A Holistic View of Mental Health
How do you define mental health? Some people may think of mental health as being solely about emotions, mood, or thought patterns. However, mental health is much more complex than just feeling happy and thinking clearly. In order to see progress in therapy for mental health, it’s important that your therapist look at you holistically. As a therapist, my job is to assess different aspects of mental health and help you identify areas that need love and healing. Here are a few different aspects of mental health:
Your biology, your brain, and your mental health can’t be separated. The biological aspect of mental health includes things like brain structure and functionality, neurotransmitter production, medication use, exposure to toxins, sleep, nutrition and nutritional deficiency, movement, and nervous system function. We can talk for hours about your frustrations with, for example, your job. You’ll probably learn a lot in these conversations too! But, if your nervous system is in constant fight/flight mode due to trauma or your brain isn’t producing serotonin appropriately, you will probably still struggle with your mental health.
You’re probably pretty familiar with this aspect of mental health. The psychological part of mental health includes things like personality traits, mood, emotions, thoughts, memories, etc. Difficult emotions and poor mood are two very common reasons people come to therapy. Examples of emotions include anger, fear, joy, sadness, frustration, boredom, etc. Emotions arise as a result of internal or external stimuli. Emotions typically don’t last very long. Mood is a more stable, long lasting emotional state. So, if you feel briefly irritated in traffic, that’s an emotion. If you feel irritated all day by everything, that’s a mood state.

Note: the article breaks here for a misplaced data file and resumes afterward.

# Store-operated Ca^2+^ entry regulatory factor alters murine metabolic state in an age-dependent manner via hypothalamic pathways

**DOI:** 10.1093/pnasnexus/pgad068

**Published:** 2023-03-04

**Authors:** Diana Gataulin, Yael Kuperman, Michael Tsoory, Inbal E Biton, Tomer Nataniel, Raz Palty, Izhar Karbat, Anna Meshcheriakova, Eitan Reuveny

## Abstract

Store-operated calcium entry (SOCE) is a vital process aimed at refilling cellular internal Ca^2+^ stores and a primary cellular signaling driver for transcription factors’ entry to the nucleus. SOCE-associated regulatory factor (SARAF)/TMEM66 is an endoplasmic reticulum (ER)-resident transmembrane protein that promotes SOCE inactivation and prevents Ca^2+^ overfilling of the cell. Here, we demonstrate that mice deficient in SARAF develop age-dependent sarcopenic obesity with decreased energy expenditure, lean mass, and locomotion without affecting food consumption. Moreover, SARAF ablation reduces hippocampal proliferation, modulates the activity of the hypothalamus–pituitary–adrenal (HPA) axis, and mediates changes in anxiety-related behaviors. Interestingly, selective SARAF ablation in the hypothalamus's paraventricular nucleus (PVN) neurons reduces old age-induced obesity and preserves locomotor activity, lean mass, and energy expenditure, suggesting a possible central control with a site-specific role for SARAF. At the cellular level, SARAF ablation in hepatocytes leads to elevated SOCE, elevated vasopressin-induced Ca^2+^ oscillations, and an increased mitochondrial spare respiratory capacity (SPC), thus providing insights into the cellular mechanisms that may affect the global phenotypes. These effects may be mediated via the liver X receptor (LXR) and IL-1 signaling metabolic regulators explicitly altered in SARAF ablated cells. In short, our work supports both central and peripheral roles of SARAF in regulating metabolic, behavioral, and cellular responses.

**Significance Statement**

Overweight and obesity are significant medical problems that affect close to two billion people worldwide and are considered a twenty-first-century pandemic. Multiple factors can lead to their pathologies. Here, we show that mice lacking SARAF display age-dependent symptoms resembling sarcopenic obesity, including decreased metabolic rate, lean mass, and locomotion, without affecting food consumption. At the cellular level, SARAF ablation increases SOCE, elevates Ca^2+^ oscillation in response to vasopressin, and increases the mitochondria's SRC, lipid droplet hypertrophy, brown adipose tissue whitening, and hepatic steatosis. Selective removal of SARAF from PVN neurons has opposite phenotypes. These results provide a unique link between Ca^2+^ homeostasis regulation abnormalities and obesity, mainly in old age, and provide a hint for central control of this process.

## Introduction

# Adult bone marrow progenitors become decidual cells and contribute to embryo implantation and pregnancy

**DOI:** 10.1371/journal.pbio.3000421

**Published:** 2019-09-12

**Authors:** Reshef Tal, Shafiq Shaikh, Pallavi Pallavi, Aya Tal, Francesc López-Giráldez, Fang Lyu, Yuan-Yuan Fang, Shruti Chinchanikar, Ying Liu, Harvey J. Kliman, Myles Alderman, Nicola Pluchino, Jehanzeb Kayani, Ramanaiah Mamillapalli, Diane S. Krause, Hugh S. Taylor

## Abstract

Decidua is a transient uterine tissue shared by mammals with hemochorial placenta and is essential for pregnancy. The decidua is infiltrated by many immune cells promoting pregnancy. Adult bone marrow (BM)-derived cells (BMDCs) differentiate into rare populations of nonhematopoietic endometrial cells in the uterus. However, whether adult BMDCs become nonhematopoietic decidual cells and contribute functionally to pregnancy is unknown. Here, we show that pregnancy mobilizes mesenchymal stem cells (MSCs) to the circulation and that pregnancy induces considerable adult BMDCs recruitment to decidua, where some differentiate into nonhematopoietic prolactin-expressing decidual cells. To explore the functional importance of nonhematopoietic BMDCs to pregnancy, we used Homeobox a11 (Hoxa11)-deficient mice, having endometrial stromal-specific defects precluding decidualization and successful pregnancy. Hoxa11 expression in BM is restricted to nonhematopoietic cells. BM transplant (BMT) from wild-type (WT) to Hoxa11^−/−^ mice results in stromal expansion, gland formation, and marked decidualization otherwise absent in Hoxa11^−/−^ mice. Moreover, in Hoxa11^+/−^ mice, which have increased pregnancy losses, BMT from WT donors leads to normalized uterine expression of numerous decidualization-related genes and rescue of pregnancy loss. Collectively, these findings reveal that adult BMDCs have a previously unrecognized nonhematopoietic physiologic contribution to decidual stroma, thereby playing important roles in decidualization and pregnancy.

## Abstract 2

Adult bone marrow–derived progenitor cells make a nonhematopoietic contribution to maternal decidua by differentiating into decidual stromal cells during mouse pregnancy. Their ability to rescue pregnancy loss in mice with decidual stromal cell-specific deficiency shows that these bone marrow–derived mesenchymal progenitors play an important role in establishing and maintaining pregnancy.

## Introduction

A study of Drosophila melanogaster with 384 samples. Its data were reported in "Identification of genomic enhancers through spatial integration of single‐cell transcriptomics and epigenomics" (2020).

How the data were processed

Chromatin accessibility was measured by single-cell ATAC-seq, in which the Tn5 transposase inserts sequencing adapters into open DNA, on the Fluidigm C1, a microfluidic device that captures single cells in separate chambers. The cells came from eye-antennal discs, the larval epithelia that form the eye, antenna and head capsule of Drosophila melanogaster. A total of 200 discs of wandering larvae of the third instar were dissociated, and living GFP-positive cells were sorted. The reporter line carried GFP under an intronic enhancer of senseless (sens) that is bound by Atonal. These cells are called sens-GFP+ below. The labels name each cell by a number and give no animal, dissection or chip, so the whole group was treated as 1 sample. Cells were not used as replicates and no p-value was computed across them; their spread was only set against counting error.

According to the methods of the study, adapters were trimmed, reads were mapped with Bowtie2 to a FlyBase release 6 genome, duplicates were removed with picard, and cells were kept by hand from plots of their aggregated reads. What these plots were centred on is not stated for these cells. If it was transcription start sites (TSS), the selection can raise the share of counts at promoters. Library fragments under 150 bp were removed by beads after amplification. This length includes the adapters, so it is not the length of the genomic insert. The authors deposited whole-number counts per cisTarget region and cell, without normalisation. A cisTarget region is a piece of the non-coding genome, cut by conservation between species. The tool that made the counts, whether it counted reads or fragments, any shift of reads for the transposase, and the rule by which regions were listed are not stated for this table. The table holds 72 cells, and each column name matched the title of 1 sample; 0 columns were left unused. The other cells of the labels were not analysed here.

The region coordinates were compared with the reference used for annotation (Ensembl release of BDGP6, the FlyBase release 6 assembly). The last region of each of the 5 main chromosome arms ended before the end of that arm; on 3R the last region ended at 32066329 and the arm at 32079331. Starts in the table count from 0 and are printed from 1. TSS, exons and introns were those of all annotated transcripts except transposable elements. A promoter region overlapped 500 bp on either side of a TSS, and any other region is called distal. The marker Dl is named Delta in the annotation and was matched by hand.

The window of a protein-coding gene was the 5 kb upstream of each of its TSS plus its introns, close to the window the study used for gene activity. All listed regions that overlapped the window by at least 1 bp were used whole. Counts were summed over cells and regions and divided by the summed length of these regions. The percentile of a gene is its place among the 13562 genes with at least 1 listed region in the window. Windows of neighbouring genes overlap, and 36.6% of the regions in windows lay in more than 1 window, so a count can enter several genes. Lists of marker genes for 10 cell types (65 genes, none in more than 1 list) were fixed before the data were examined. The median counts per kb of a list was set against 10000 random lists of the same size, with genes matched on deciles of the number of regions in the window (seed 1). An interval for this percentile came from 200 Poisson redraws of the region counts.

There’s a quote that is often misattributed to Freud that goes something like “before you diagnose yourself with depression or low self-esteem, first make sure that you are not, in fact, just surrounding yourself with assholes.” I’ll be the first to admit that this approach to mental health is a vast oversimplification. However... It’s also not totally wrong. It’s very hard to thrive in your mental health if your life is dominated by toxic, unsupportive, unsatisfying relationships. Humans evolved in tribes and are highly social creatures. Lack of meaningful social connection is a major contributing factor to mental illness.
Bigger social issues also come into play here. Discrimination, oppression, war, poverty, community safety, educational access, and access to other resources are all aspects of the social system that vastly impact mental health. The work you do in therapy can help you learn and grow in so many ways. But it is also vital that therapists, clients, and all people advocate for social change that supports the wellness of everyone.
Spirituality isn’t just about religion. I define spirituality as a feeling that you are connected to something bigger and that your life has purpose and meaning. Things like your values, your beliefs, and your life purpose all come into play with spirituality. There are many people who have what they describe as a life that looks good on paper, yet they struggle to feel happy and satisfied. Nothing is obviously wrong but something is still missing. If this sounds like you, maybe the spiritual aspect of your mental health needs some care.
Caring for your whole self
This is not an exhaustive list of things that impact mental health but rather some different categories that may need support when you feel your mental health is suffering. You may notice that some of these are working well for you but others are not. Or, you may feel that you could use some support in all the different areas. Either way, therapy can be a valuable tool to help you heal and reach your goals. If you notice that this content resonates with you, please reach out to me today to discuss how I can help.